According to ESPN’s Tim MacMahon, Gobert said the following about Utah’s status as a title contender and what he felt set championship-caliber teams apart from the Jazz:
“We know that when the playoffs come, we’re not just going to flip a switch and all of the sudden communication, all of the sudden be able to stay in front of our man, all of the sudden be able to rebound. When I watch some of these other teams like the Suns or the Warriors, for example, those guys are a step ahead of us in terms of winning habits. I feel like they take every game personally.
“You can tell Devin Booker is playing his ass off defensively. I’ve been watching him compared to, like, two years ago. Guys like that, they buy in and you can tell that they take pride in playing defense, stopping their man , doing whatever they can defensively to stop the other team and be part of a winning culture.”
Per MacMahon, the comments “made some within Mitchell’s inner circle seethe” due to the belief that Gobert “violated locker room protocols by publicly pointing a finger at his teammate.”
Gobert never said Mitchell’s name, but the apparent perception was that he was calling out Mitchell since he and Booker play the same position.
During the aftermath of Gobert’s comments, several Jazz players made their feelings known about what Gobert said and the meaning behind it.
Publicly, Mitchell didn’t take any offense to it, saying: “I’m not really concerned about it. At the end of the day, we’ve got to all find ways to get better. That’s really it. We all have individual ways of doing it, and his just happens to be this way. So, cool.”
Jazz forward Royce O’Neale said: “Anything [Gobert] says, he doesn’t mean bad by it. [But] You don’t have to say those comments [to the media].”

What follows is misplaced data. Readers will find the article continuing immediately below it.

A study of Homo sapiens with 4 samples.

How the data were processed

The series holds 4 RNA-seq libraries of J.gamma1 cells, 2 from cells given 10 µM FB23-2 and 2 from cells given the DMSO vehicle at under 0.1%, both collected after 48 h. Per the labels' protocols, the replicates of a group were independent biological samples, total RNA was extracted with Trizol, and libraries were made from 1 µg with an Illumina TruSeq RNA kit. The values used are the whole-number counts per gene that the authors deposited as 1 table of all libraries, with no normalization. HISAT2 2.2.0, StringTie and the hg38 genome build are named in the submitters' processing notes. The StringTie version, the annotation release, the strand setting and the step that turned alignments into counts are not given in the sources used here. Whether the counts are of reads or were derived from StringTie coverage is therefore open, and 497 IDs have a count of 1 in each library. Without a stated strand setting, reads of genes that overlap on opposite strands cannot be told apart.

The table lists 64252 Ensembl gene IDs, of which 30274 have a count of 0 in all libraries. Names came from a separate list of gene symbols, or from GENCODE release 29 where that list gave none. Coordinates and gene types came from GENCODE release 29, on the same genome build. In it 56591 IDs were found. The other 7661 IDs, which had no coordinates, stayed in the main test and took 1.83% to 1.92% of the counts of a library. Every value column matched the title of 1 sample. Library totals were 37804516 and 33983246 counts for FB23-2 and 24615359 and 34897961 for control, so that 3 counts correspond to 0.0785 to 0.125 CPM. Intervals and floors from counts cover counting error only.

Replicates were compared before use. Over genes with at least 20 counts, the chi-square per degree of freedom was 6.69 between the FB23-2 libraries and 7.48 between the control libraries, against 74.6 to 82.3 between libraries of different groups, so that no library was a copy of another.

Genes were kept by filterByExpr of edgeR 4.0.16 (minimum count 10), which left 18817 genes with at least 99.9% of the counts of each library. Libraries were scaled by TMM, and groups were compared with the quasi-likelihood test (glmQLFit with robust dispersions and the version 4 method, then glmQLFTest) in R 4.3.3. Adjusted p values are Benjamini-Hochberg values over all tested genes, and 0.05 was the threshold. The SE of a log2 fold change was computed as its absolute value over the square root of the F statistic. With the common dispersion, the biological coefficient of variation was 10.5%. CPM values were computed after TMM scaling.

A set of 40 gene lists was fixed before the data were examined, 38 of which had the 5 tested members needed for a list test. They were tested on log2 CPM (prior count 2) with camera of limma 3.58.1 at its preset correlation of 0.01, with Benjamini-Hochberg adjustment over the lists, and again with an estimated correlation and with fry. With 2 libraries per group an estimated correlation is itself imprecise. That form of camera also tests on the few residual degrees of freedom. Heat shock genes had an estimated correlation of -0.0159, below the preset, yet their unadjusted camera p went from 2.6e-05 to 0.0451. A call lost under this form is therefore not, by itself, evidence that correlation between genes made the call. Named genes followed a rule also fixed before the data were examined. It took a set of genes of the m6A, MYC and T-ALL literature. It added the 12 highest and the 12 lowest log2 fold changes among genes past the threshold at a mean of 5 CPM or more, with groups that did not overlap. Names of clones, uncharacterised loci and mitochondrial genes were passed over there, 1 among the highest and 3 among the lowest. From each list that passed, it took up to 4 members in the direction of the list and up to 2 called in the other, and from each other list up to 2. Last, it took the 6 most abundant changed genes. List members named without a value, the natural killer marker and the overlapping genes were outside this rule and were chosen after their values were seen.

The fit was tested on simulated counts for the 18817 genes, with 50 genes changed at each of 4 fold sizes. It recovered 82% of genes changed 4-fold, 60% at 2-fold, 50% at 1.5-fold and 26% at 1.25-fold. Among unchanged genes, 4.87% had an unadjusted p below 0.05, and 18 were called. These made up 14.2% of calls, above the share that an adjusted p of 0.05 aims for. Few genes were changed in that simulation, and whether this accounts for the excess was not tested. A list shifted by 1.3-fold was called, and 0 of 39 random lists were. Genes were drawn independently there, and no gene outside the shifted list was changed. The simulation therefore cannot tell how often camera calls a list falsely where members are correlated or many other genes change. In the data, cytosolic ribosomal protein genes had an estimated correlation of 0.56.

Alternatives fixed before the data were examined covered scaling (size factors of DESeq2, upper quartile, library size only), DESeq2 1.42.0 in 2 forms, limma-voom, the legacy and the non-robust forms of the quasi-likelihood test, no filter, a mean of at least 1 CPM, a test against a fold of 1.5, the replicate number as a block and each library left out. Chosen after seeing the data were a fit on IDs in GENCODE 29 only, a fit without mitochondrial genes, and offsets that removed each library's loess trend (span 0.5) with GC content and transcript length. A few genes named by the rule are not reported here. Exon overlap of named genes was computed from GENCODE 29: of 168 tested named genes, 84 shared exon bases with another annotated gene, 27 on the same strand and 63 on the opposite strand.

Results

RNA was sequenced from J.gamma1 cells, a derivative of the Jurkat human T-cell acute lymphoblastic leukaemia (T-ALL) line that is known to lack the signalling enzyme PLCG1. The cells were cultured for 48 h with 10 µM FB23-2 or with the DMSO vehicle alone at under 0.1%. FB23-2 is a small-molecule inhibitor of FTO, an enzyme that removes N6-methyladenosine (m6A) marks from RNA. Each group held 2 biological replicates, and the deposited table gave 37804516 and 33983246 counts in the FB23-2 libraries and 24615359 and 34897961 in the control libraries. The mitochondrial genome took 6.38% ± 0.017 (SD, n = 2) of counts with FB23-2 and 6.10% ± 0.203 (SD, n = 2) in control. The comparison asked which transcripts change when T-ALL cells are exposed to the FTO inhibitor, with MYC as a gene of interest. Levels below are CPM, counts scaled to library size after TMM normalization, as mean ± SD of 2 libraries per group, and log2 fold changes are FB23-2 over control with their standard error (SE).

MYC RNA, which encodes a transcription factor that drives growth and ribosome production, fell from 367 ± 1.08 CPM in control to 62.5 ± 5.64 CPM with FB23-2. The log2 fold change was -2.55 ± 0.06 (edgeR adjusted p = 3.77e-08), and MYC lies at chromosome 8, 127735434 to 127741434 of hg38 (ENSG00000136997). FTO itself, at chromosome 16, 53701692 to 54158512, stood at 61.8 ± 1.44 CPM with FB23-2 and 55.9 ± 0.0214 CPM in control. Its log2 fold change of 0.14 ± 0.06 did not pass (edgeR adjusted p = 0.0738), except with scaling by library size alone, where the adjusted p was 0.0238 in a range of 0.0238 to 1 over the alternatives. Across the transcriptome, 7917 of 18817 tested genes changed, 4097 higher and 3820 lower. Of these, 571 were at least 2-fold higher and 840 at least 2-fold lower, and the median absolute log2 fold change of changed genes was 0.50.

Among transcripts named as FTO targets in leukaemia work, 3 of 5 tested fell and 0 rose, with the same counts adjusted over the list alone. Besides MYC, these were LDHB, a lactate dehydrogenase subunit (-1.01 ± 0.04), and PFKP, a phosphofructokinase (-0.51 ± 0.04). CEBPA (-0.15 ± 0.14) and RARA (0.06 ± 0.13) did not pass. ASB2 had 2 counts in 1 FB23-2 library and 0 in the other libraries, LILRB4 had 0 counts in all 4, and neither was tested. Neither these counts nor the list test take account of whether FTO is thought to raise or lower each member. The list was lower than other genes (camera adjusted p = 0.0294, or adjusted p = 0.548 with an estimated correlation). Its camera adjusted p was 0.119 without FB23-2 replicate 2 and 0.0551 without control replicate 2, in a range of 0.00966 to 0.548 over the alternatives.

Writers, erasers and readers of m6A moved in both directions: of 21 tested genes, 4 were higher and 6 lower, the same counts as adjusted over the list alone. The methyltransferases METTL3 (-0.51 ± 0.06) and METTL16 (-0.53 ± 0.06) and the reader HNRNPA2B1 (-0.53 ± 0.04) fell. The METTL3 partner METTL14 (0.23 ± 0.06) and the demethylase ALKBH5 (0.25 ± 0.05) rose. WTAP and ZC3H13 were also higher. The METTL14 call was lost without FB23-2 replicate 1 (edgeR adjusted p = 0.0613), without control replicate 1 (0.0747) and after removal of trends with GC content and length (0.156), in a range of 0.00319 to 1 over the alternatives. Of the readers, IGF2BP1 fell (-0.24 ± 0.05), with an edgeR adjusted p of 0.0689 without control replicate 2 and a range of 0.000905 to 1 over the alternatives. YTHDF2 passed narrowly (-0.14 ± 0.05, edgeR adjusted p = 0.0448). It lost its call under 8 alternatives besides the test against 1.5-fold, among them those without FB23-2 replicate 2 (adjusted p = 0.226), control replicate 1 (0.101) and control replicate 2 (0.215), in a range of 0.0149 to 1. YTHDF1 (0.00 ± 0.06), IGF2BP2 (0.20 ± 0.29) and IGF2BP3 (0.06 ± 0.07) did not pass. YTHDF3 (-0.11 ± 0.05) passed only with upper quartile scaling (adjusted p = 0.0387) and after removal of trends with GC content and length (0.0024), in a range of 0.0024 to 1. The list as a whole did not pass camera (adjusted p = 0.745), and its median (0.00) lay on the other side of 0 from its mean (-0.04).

Guard Jordan Clarkson later pointed out, “It ain’t like [Gobert] pointed out a big man or nothing,” furthering the perception that Gobert may have been taking a shot at Mitchell.
For his part, Gobert said he simply wanted to help all of his teammates be better:
“Sometimes I can be clumsy with what I say, but I always speak my mind and it always comes from a place of wanting to win. Like I said to Don privately, everything that I do on the court is to help him be better. All the things that I do to get him open, to communicate with him, to try to push him defensively.
Gobert’s comments might not have gotten any publicity under normal circumstances, but he and Mitchell have had issues in the past.
MacMahon noted that Gobert and Mitchell didn’t speak to each other for months at the start of the COVID-19 pandemic because of Gobert’s handling of the situation.
Gobert was the first NBA player to test positive for COVID-19, followed by Mitchell. ESPN’s Adrian Wojnarowski reported at the time that Gobert carelessly touched his teammates’ belongings before the diagnosis in an apparent sign that he wasn’t taking things seriously.
Mitchell later admitted he was angry at Gobert at first and said it “took a while for me to kind of cool off.”
On top of those issues, the Jazz have failed to parlay strong regular seasons into playoff success.
Utah has reached the playoffs in each of the past six seasons but hasn’t made it past the second round. That includes this season, as the Jazz fell 4-2 in their first-round series with the Dallas Mavericks, getting eliminated in a 98-96 Game 6 loss on Thursday.
Per MacMahon, opposing teams have been circling and waiting to see if Mitchell might request a trade during the offseason.
Mitchell hasn’t suggested publicly that he wants to be traded, but if his relationship with Gobert is irreparable, it’s possible the three-time All-Star could be playing elsewhere next season.